The history of Levi Strauss & Co. and our products is often told through men—founder Levi Strauss who gave blue jeans to the world; working men, from cowboys to miners, who wore our riveted waist overalls; or the salesmen who travelled by horse and buggy to deliver our goods.
But the contribution of women here were just as crucial to the company’s success. In honor of Women’s History Month, we look back at some of those who impacted LS&Co. in ways big and small.
First Female Officer Rita Guiney. With a career that spanned from World War II through Ronald Reagan’s presidency, Rita Guiney saw a lot of change at the company as well as the country.
After attending high school in San Francisco’s Mission District, Rita canvassed the city for jobs. “It was during the war,” she recalled. Rita received offers from five companies, including Levi Strauss & Co. “When . . . I talked it over with my parents, they immediately said, ‘Take Levi’s®. They’re good to their people.” She did. And she stayed for 45 years.
Rita started in 1942 in the secretarial pool and later supported future company presidents Walter Haas, Jr. and Peter Haas, Sr. She typed letters, filed documents and arranged the brothers’ appointments and travel. “I was assigned to help them on various projects,” said Rita in a 1994 interview. “It didn’t take them too long to convince management that we had to get out of wholesaling and concentrate on making pants.” She watched with excitement as the company went national and then international. “It was full steam ahead,” she recalled. “I believe sales doubled every year for the next 25 years.”
Aside from her administrative duties, Rita knew everyone at the 98 Battery Street headquarters by name. She exemplified the company’s motto, coined by Walter, in the 1950s and ‘60s: “Levi’s is People.” She advocated for employees and helped them resolve their personal or work-related problems. “I had a pretty good relationship with employees,” she said. “They used to call me at home a good deal and confide in me and ask advice from time to time.”
Rita’s responsibilities grew at LS&Co. and suited her strengths. Given her interest in helping employees, Walter turned to Rita to help establish the Red Tab Foundation after founder Jerry O’Shea passed away. She also had an interest in modern art and convinced Walter to develop a corporate art collection (employees at Levi’s Plaza still enjoy selections of the art on display in our headquarters today).
In 1981, Rita was named Vice President of Corporate Affairs—becoming the company’s first female officer. She remained at the company leading Corporate Affairs until her retirement in 1987.
Designer Juanita Wallace. From pedal pushers and shorts to outer wear—Designer Juanita Wallace helped Levi Strauss & Co. create cool creations for fashionable females in the 1950s.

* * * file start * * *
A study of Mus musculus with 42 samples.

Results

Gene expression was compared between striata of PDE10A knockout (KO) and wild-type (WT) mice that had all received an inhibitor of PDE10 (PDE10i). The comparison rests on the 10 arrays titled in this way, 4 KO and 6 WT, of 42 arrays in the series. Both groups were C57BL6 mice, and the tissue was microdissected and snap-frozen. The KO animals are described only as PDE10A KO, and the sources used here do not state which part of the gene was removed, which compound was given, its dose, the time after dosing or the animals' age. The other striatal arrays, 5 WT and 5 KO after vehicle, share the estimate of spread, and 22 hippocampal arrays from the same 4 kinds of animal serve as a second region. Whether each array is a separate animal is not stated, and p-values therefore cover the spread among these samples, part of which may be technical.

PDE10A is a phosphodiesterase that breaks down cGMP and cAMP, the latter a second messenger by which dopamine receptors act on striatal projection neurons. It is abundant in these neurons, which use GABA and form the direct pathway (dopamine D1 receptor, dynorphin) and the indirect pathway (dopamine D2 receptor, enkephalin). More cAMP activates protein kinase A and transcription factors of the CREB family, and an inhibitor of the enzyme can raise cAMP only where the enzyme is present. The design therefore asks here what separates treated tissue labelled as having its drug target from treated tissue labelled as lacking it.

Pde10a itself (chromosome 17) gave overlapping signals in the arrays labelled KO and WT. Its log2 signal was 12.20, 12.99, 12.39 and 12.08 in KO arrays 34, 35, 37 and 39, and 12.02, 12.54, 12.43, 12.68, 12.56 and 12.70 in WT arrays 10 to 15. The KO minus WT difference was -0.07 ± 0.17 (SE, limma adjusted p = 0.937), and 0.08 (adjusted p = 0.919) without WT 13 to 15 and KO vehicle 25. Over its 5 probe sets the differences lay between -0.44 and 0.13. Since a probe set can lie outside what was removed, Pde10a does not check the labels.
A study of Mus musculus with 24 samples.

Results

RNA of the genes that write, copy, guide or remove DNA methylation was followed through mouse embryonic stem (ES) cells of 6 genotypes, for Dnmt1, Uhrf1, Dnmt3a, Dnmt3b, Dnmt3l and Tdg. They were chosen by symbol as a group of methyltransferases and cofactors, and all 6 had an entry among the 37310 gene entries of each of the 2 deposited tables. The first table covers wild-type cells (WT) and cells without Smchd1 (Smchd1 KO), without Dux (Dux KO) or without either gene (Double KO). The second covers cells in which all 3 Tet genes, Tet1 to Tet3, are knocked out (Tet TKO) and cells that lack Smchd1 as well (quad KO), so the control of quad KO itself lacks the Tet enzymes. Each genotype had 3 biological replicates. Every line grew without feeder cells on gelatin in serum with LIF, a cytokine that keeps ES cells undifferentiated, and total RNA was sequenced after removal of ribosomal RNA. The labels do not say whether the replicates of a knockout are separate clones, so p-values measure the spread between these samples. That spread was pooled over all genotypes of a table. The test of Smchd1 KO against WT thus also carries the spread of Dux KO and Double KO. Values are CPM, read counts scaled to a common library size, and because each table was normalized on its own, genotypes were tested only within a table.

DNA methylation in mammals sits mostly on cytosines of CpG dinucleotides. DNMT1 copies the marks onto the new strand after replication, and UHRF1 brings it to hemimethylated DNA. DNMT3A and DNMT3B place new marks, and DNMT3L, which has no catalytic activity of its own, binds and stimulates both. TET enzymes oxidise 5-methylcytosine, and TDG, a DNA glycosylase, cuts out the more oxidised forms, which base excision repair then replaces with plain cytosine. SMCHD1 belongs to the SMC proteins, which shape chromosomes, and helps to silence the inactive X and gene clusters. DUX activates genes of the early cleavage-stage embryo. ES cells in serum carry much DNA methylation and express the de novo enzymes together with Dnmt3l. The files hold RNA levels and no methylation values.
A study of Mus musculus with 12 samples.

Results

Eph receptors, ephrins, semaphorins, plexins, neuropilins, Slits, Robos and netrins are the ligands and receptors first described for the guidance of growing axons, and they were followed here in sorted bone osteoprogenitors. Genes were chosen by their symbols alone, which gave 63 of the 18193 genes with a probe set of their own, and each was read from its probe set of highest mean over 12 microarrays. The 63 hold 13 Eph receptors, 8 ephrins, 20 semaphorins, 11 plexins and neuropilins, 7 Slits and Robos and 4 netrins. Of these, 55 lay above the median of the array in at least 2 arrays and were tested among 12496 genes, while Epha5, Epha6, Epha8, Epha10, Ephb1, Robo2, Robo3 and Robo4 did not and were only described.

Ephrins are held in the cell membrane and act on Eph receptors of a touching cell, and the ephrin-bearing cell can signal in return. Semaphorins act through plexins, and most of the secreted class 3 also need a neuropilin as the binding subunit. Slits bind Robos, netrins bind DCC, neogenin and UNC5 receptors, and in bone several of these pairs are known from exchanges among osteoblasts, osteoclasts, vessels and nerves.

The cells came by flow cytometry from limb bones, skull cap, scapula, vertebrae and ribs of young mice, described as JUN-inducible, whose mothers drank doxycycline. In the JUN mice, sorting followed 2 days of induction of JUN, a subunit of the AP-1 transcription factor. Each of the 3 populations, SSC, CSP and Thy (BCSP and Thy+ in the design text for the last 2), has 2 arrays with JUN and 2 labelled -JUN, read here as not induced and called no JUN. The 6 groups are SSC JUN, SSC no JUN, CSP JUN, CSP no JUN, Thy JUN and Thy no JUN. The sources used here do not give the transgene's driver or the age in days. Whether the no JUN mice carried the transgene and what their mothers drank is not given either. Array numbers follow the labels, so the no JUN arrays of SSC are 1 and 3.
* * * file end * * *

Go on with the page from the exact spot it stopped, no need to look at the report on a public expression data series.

Working under LS&Co. Designer (and red Tab inventor) Chris Lucier, Juanita started in 1955. She brought a wealth of experience to LS&Co. She had a flair for style and coupled with her technical skills, won gold medals for her designs at the California State Fair. Juanita even designed for Hollywood celebrities.
Women’s clothing operated on a different style cycle than men’s, with separate retail buyers, leading the company to launch a completely new line, Levi’s® Casuals, for women and girls. Juanita was the designer behind the collection.
Juanita’s Levi’s® Casuals line included colorful and lightweight culottes and boleros. The LS&Co. Archives has several of her designs in its collection—including a bright orange sun bra and matching ranch pants. Another of Juanita’s colorful creations, a pair of knee-length knickers, made its way to one customer in London and are now one of the newest additions to the Archives.
Research Lab Director Karin Hakanson. One decade after Juanita sketched her designs for Levi’s® Casuals, Karin Hakanson joined the experimental lab at Levi Strauss & Co., leading the Product Research Team. Karin trained in her native Finland as an engineer; a field dominated by men in the 1960s, and relished the challenge of competing. She spent seven years in engineering school, describing her time there as difficult and demanding, but “well worth it.”
Joining the research lab in 1968, Karin initiated programs at LS&Co. to keep the company on the top of technological developments in textile and apparel. She and her team wear tested clothing or experimented with bonding labels on garments or removing static electricity from fabrics like knits. She managed the lab and equipment, ranging from microscopes, frame hoods and scorch testers to hot plates and a distillation plant. Lab materials also included motor oil and Russian salad dressing—to determine stain resistance and removability.
Karin worked with denim suppliers on the problem of leg twist on jeans (identified in 1974 as the primary reason for most customer returns). Working with the Boyswear Division, she tested fabrics and evaluated them for compliance with then-new California laws on children’s wear. She also spearheaded a project to reduce chemicals in certain fabrics. Another experiment by Karin and her team? Testing low shrinkage denim.
Karin’s work fifty years ago help set the precedent for LS&Co.’s Eureka Lab today.
Come back next week for more stories of the women of LS&Co. And if you want to keep up with the LS&Co. Archives and other cool LS&Co. heritage news, follow Tracey on Twitter, @TraceyPanek, and stay tuned to Unzipped!